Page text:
Editor’s note: Jim Patrick, a beer enthusiast and the social media editor for the Portland Press Herald, is filling in this week as a guest writer for the Beer Muse column.
When you write about beer, you get a lot of press releases.
The vast majority of them are useless. There was one last year for a functional baseball bat that doubles as a beer bong. That sentence is its own punchline.
But most of the pitches pertain to new beer, and this time of year, it’s session beer email season.
Not everybody is excited about session beers. If we’re being honest, they don’t stand up to our favorites because they’re lower alcohol – generally less than 5 percent – lighter tasting and tend to be too hop-forward or unbalanced for most palates. Of the top 250 beers rated on Beer Advocate, none have less than 5 percent alcohol.
Jonathan Leach from Augusta was sipping on a double IPA at Fore River Brewing when he called it “watered-down beer.”
“When I hear the phrase ‘session beer,’ all it means is lower alcohol content, which just means you can drink more beer. It has nothing to do with the quality of the beer or the type of beer that it is,” Leach said.
Fore River co-founder John Legassey almost rolls his eyes at the word “session.” While he’s keen to note that Maine-based brewers make good beer across the board, he cited large national craft brewers like Founders (which makes All Day IPA) for promoting session beers.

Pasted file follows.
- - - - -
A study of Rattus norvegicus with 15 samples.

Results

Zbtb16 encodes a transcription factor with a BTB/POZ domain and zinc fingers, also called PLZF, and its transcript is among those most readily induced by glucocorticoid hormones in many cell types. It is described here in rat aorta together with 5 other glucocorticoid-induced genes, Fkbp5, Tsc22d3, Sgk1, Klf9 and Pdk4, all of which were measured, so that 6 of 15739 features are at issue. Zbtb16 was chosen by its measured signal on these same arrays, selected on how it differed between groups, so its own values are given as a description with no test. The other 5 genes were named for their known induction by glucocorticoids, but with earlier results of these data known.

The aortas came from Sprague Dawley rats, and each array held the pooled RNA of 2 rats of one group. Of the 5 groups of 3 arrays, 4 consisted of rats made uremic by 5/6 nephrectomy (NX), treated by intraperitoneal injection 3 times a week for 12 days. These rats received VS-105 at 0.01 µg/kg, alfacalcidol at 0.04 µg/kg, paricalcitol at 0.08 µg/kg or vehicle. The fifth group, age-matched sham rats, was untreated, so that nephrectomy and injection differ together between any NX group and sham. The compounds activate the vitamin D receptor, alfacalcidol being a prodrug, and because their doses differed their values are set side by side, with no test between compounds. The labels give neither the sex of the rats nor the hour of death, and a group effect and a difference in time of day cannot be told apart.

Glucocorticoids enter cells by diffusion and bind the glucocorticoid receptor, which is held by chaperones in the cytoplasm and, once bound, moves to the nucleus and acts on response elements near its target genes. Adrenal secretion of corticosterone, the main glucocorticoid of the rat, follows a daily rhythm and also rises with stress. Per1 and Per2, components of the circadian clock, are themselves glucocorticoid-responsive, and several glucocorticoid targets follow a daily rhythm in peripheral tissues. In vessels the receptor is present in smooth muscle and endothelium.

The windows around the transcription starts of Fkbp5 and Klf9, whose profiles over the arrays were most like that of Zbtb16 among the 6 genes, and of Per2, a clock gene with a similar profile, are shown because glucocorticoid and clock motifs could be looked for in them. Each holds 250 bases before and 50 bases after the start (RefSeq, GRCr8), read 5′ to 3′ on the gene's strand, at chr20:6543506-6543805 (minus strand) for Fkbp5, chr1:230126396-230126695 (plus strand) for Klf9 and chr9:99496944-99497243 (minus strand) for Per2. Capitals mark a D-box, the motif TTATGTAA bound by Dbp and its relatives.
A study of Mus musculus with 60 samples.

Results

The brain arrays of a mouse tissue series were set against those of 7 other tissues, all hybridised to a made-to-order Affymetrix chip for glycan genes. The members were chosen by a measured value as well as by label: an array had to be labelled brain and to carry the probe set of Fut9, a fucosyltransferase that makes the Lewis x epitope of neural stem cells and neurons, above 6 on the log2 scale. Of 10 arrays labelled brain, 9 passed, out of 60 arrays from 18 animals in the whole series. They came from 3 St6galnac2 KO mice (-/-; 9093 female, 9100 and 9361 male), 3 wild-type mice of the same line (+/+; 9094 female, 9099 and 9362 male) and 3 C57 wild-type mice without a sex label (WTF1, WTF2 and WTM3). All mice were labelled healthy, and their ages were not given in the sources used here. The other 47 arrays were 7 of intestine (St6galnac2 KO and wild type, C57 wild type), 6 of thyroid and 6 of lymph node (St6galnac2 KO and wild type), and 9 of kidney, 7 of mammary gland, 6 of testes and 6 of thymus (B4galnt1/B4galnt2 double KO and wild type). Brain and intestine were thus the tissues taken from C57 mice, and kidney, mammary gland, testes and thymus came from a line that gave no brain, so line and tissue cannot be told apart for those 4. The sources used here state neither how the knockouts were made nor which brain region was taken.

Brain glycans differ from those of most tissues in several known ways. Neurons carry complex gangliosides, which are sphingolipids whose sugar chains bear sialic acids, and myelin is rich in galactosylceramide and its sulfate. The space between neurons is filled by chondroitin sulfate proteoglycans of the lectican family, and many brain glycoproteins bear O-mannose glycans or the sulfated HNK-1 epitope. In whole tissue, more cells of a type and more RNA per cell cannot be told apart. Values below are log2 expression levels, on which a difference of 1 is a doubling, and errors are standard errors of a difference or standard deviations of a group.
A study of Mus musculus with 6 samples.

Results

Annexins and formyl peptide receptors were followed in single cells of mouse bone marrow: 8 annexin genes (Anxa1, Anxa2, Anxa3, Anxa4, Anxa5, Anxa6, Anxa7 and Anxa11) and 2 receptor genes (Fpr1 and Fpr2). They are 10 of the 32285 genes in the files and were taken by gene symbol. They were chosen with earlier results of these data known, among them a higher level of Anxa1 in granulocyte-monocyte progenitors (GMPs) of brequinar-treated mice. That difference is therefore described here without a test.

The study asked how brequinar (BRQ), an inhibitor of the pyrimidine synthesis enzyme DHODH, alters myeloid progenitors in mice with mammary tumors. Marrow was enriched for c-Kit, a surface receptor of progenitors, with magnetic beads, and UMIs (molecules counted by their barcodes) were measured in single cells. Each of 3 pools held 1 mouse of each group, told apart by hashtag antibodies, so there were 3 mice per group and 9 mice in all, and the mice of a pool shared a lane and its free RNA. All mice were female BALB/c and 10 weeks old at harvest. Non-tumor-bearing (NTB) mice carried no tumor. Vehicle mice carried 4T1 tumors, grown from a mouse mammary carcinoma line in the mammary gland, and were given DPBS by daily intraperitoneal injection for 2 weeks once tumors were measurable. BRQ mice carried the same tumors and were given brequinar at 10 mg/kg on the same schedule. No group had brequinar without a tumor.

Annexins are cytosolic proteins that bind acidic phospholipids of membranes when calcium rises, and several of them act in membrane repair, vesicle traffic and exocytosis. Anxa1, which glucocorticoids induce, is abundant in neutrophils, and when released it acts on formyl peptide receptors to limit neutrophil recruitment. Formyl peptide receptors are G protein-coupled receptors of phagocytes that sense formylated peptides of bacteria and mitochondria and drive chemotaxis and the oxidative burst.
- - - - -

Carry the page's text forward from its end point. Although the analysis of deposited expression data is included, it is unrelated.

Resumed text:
Legassey is skeptical because, he said, there’s a huge profit to be made from session beers. Session beers use fewer ingredients, so they cost less money to make. And they still cost a lot more than Bud Light. Not to mention that the idea behind session beers is people can drink a lot more of them, which means the breweries sell a lot more beer.
“Maybe the real designers of session beers are accountants in really large breweries,” Legassey said. “Because there’s money to be made there.”
Best advice: Be skeptical.
Shipyard has always been local. Now the brewery is making an effort to further connect with its Maine roots by using ingredients grown in state in its beers.
What amounts to some relatively small tweaks for Shipyard translates to a big boon to Maine’s economy.
For its flagship Export ale, 10 percent of the grain comes from Maine Malt House and was grown in The County. Shipyard President Bruce Forsley said the company pays a premium for the local malt, but it saves money on shipping costs.
And a partnership with Adventurous Joe coffee yielded some interesting results last fall. The Coffee Porter, which ranks among Shipyard’s top-rated mass-produced beers on various ratings websites, proved popular enough that it will be released in six-packs this fall.
Forsley said Shipyard wants quality ingredients but also wants the marketing benefits of being from Maine.
“There’s a perception of Maine that we have clean water, hard work, craftsmanship, so I think those qualities are what we want to represent,” Forsley said. “There’s something romantic about Maine. When we go to Florida or California, I hear over and over that people would love to visit.”
My wife has authorized this statement: Aug. 1, 2014, was the greatest day of my adult life.
That was the date of the first and only Sierra Nevada Beer Camp in Portland.
It’s where I and five friends ran past the New England brewers to get to the Bell’s and Cigar City taps. Then we returned to the locals and discovered new brewers like Barreled Souls (and a brewery in Connecticut that makes a Snickers-infused brown ale).
And it’s coming back Saturday evening at Thompson’s Point. Don’t be surprised if you see a guy in a reporter’s fedora sprinting toward Tree House Brewing when the gates open. Old habits die hard.